Following President Donald Trump’s Wednesday announcement that he would reinstate a 2018 review of federal automotive emissions standards through 2025, Gov. Rick Snyder said he sees the ongoing review Trump supports as “very positive.”
“You can see positive feedback from the auto industry, because that’s what they believed was going to happen, so it’s an opportunity to make sure they can stay as competitive as possible providing great products for our citizens,” Snyder said.
Comparing Trump’s look at regulatory reform to his own initiatives to reduce unnecessary regulations in Michigan, Snyder said continuing to examine the value of existing regulations at the federal level could be worthwhile.
“It’s not about eliminating everything, but making them smarter and better,” Snyder said.
During an 18-minute talk at the American Center for Mobility Wednesday, Trump focused on his intent to withdraw a final determination on the feasibility of vehicle emissions rules set by the Environmental Protection Agency days before former President Barack Obama left office.
The current rules give automakers a fuel efficiency target of 54.5 miles per gallon by 2025. On Wednesday, Trump said he would reinstate a review of that target in 2018 to determine the feasibility of hitting that goal.
Trump drew plenty of cheers from the crowd as he spoke of rebuilding American manufacturing and restoring respect for autoworkers.
“We want to be the car capital of the world again,” Trump told the crowd.
Other politicians who attended Wednesday’s event included Michigan Attorney General Bill Schuette and state Sen. Pat Colbeck, R-Canton. As part of his trip to Michigan, Trump met with several automotive executives and union members and took a brief tour of the American Center for Mobility facility.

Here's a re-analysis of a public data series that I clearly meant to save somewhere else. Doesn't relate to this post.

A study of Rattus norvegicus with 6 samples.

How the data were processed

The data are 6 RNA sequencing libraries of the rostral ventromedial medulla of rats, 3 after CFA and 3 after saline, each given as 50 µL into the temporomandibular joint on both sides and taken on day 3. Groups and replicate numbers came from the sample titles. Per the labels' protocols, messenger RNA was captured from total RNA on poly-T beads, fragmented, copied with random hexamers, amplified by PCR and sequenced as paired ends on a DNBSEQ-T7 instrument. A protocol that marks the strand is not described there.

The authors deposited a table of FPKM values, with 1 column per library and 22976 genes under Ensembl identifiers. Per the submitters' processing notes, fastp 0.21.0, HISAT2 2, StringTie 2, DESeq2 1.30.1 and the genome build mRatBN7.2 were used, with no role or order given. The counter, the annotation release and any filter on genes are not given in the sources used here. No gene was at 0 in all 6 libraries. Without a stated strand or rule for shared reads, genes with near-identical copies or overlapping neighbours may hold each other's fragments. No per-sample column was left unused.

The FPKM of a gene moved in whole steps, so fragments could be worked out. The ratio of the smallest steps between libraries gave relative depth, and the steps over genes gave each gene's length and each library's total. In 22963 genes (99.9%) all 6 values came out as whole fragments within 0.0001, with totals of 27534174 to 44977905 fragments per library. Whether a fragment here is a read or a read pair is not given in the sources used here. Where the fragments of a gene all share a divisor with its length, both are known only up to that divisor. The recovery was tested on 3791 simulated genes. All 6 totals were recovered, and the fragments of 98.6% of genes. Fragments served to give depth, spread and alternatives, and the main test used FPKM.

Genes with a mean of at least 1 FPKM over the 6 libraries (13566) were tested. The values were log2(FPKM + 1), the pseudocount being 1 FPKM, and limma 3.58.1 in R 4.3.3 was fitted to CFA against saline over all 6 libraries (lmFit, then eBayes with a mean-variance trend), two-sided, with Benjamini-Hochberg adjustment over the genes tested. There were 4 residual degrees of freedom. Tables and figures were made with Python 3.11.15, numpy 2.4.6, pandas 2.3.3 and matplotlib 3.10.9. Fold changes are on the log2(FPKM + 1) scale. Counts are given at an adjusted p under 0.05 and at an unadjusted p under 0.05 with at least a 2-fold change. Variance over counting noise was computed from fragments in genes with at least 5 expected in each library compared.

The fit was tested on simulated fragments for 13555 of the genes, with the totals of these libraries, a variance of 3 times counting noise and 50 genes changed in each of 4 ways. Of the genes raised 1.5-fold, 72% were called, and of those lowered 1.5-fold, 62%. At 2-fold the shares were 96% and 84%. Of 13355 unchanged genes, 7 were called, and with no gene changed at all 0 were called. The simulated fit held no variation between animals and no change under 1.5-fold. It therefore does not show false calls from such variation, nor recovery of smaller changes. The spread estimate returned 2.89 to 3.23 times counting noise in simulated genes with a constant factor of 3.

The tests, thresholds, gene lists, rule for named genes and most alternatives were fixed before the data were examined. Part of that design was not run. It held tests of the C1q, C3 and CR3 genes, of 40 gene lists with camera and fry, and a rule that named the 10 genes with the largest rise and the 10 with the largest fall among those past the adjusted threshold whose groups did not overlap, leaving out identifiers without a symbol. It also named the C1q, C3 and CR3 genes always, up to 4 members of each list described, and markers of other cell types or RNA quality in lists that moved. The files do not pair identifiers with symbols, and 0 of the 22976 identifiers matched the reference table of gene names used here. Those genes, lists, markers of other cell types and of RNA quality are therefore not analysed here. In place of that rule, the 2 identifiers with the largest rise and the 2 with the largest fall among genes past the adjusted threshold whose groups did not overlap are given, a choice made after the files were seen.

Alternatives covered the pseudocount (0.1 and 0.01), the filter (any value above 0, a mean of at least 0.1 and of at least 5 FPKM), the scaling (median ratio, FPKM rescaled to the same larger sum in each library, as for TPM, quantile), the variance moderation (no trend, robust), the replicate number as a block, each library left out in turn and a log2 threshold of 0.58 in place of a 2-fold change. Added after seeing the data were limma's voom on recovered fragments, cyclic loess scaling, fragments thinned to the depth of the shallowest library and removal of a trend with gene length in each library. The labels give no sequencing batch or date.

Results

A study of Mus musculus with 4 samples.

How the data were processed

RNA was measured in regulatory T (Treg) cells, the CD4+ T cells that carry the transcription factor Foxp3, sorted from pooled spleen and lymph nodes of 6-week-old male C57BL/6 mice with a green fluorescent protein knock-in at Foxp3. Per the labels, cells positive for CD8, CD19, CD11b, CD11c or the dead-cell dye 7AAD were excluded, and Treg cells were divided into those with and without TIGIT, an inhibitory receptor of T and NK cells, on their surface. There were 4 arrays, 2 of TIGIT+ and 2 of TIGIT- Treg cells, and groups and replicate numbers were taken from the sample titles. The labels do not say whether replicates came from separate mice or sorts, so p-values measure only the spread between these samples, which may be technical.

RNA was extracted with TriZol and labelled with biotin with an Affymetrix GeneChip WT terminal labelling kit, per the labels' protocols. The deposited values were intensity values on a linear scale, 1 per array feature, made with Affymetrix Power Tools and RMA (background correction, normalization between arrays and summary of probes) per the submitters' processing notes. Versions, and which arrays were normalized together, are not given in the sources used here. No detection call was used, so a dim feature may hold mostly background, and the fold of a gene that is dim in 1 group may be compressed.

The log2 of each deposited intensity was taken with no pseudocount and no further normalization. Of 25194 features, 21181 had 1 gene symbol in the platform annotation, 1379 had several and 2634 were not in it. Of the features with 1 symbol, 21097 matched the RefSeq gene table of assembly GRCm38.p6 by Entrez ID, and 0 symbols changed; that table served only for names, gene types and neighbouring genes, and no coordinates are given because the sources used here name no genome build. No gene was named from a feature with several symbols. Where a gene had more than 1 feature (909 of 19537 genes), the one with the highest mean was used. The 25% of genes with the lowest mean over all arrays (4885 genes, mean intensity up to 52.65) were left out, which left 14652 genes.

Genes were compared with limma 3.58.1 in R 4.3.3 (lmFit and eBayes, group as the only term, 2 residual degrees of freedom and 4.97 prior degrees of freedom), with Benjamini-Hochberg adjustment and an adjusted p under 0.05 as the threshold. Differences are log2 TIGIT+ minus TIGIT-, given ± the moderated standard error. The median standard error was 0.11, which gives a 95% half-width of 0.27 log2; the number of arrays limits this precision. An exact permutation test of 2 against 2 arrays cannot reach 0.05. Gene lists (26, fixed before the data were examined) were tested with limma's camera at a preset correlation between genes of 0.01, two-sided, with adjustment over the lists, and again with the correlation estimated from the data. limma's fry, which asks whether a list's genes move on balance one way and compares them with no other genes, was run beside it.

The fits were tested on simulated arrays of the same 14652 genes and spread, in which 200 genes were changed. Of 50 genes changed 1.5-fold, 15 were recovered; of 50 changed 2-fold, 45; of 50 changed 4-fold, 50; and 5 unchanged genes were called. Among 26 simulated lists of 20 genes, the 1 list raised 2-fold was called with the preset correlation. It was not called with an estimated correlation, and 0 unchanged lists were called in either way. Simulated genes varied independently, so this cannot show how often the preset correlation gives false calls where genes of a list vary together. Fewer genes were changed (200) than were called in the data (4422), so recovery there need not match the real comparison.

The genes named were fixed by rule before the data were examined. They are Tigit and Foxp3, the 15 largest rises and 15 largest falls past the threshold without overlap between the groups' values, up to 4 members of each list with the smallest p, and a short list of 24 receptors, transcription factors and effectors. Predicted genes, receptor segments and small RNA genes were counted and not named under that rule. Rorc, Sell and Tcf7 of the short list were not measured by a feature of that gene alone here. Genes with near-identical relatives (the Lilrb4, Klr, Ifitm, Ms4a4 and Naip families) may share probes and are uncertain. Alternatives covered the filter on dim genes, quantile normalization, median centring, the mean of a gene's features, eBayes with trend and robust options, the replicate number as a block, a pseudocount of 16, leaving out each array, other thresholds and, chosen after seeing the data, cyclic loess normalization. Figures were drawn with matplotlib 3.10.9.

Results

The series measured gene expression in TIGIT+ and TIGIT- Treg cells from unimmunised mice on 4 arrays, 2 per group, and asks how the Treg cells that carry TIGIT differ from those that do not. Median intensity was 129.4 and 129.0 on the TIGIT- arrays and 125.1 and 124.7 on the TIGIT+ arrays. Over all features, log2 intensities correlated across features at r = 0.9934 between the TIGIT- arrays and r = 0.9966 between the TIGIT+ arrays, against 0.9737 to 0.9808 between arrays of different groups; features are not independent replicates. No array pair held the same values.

— A.G. Bill Schuette (@SchuetteOnDuty) March 15, 2017
Hundreds of protesters also gathered outside the venue to protest Donald Trump’s first visit to Michigan as president. Several Trump supporters also showed up to cheer on the president outside, including Trump supporter Rob Cortis, who made the drive from Livonia with his “Trump Unity Bridge.”
Michigan Republican Party Chair Ron Weiser said it was great to have Trump in Michigan, adding that the President is working to fulfill the commitments he made during the campaign cycle.
“I thank the President for coming to Michigan, listening to Michigan workers, Michigan companies, and committing once again to them that he will be their advocate in Washington,” he said.
U.S. Rep. Sandy Levin, D-Royal Oak, said Trump revisiting the fuel economy standards outs the progress automakers have made in increasing fuel efficiency and reducing emissions at stake.
“We must not return to the unworkable patchwork of state and federal standards that the original agreement was tailored to prevent,” he said in a statement. “We need to continue to pursue a collaborative effort to ensure the best outcome for consumers, the environment and the auto industry.”
Democratic Congresswoman Debbie Dingell, D-Dearborn, said in a statement that while she supports the standards agreed to under the Obama administration, she supports going through with the review process.
“Everyone involved needs certainty – from automakers building more fuel-efficient vehicles to the companies developing infrastructure to support them,” she said. “As the process moves forward, it is important for all stakeholders to ensure there are strong, workable standards in place that achieve the goals of the original agreement while keeping everyone together on one set of standards.”